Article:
They come over here…

NOW I do love the story about the Tory MP and his haircut. Not everything connected with refugees is sombre and humbling. Sometimes it’s just about an MP making a tit of himself.

Adam Holloway, the MP for Gravesham, wanted a handy personal tale to illustrate the problem with asylum seekers. So he told the Commons about the difficulties he was having with his barber.

‘I couldn’t get my haircut the other day,’ he said. This is the sort of thing MPs say when they are intent on showing us how in touch they are. You know, ordinary human beings whose hair needs cutting or who can guess the price of milk.

It was a good story. Holloway’s trim had to be put on hold because his hairdresser, a refugee from Iraq, had gone on holiday to the country he had fled.

This set Holloway off on an inadvisable anecdotal ramble. He began with one of those phrases people use when they wish to show their grasp of common disdain. In Holloway’s case those words were: ‘We have people in this country…’ You know the sort of thing. Makes the heart sink an inch. Brings to mind barstools in country pubs or relatives with unfortunate opinions.

The full sentence was: ‘We have people in this country who have come here, claimed asylum and then they go back on holiday in places where they’ve claimed asylum from.’

That’s why Holloway couldn’t get his hair cut. Only it wasn’t. His barber, Shivan Saeed, later came forward to reveal that he hadn’t gone back to Iraq. He had spent a week with his wife and young son in a caravan in Great Yarmouth.

The barber, who is 23, told the Daily Mail: ‘It’s dangerous to go back to Iraq – if I wanted to go back there why would I have come here? Next time I see him, I will tell him. I am not annoyed – I am all right with it. He just got it wrong.’

The MP made a mistake and that happens. The trouble came when he sewed his error into a silly great blanket of a speech about immigration and the difference between economic migrants and asylum seekers. And when it turned out that his illustrative yarn was comically wrong, he was left dripping with the baptismal waters of twerp-dom.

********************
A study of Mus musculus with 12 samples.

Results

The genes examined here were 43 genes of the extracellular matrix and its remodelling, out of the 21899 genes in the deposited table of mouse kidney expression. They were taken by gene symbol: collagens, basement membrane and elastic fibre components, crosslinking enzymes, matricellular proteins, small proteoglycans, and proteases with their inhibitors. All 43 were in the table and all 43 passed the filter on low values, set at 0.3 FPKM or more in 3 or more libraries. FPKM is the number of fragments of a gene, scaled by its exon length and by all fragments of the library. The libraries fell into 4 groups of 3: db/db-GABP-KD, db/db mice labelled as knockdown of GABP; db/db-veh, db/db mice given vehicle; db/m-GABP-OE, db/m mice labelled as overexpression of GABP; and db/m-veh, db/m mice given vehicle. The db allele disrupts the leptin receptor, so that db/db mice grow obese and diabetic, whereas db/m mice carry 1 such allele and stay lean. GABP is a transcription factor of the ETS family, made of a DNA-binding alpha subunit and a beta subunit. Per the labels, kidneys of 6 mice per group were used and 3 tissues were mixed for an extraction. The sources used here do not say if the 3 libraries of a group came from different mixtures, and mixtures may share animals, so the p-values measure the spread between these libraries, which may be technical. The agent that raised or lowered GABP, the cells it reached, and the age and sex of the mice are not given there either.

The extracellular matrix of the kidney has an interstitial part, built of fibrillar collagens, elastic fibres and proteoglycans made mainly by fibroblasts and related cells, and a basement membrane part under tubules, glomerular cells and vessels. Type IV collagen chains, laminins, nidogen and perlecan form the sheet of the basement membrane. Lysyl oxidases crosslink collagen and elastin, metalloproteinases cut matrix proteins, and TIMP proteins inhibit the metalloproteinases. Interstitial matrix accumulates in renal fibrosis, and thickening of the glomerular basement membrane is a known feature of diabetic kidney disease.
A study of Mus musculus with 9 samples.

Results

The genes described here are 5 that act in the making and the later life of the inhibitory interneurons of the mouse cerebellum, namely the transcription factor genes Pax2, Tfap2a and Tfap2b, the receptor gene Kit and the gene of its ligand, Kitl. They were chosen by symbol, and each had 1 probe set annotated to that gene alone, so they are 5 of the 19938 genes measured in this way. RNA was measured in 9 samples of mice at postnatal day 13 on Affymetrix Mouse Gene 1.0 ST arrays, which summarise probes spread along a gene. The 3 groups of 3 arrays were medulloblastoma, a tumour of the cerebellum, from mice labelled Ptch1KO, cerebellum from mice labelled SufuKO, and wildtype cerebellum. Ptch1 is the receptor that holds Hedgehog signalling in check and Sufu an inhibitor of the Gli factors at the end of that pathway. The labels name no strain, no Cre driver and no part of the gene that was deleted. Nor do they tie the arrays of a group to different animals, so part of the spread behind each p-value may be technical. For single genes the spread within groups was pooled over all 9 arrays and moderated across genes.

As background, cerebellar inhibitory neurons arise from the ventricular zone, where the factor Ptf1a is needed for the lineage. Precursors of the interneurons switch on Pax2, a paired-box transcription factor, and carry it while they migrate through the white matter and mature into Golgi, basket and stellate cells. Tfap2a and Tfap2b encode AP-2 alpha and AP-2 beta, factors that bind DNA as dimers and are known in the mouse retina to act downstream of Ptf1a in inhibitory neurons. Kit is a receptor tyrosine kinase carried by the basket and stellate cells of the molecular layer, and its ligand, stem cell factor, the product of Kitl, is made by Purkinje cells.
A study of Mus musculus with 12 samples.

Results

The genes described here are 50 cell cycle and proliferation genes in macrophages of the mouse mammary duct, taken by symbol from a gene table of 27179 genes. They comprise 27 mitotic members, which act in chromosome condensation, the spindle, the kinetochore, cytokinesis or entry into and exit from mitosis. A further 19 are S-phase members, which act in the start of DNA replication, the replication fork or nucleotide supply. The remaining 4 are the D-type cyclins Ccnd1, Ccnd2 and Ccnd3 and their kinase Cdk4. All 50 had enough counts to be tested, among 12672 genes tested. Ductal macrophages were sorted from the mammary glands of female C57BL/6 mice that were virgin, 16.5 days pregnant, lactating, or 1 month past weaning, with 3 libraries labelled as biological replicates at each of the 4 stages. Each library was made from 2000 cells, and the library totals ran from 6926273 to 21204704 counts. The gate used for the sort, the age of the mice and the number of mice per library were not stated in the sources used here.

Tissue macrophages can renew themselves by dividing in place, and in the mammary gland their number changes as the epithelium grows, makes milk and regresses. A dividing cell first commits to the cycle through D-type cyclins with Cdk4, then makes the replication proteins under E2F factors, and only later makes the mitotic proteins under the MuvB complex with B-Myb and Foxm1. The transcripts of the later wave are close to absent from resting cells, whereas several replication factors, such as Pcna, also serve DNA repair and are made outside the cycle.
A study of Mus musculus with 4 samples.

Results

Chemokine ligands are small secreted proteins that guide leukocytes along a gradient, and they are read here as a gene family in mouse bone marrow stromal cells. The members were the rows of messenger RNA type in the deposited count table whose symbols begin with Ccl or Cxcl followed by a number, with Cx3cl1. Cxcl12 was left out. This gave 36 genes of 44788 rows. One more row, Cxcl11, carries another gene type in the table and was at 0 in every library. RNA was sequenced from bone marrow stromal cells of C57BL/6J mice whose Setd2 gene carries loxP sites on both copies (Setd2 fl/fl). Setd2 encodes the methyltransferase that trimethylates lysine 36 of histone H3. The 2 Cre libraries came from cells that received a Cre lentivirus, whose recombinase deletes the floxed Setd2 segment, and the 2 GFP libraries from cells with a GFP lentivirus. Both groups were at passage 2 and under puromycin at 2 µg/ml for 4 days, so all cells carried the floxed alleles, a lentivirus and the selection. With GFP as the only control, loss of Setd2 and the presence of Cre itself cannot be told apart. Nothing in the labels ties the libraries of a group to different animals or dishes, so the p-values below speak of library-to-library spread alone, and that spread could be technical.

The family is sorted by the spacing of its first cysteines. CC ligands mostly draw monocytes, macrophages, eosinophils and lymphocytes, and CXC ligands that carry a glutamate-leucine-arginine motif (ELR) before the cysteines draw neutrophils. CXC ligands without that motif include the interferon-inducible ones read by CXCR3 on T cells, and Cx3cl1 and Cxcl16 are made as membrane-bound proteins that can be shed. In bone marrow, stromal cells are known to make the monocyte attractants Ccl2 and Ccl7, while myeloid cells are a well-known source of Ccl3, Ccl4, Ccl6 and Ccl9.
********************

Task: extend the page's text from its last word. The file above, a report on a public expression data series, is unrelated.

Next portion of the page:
Holloway told The Guardian yesterday that important parts of his speech had been overlooked, and he said this as someone who once stayed in the Sangatte camp in Calais.

The former solider and TV reporter spent a week living as a ‘refugee’ at the now-closed camp. Those of us who have never even visited such a place shouldn’t criticise. But where’s the fun in that? Living among refugees for a week doesn’t make you a refugee; it makes you someone labouring a point.

It’s the same with those MPs who occasionally pretend to survive perfectly well on benefits. Living on benefits and beans for a week, no problem, does not make an MP jobless or homeless. It makes them a socially offensive poseur who wants kudos for hanging around the ‘wrong’ side of town.

Two years ago, the work and pensions secretary, Iain Duncan Smith, said he could live on £53 a week in benefits. So could many people if they lived in a country house belonging to their father-in-law the baron.

As for Adam Holloway, he made a fool of himself and we’ve all done that. But his story does confirm long-held prejudices. These migrants, they come over here and undermine our traditional values by taking their wives off to Great Yarmouth for a week. I do love this story. Even the holiday destination could not be more pleasantly mundane.

Thankfully, Shivan Saeed seems to be a forgiving man. Otherwise next time he might have given Holloway a really bad haircut. Incidentally, I wonder what Republican hopeful Donald Trump ever did to offend his barber.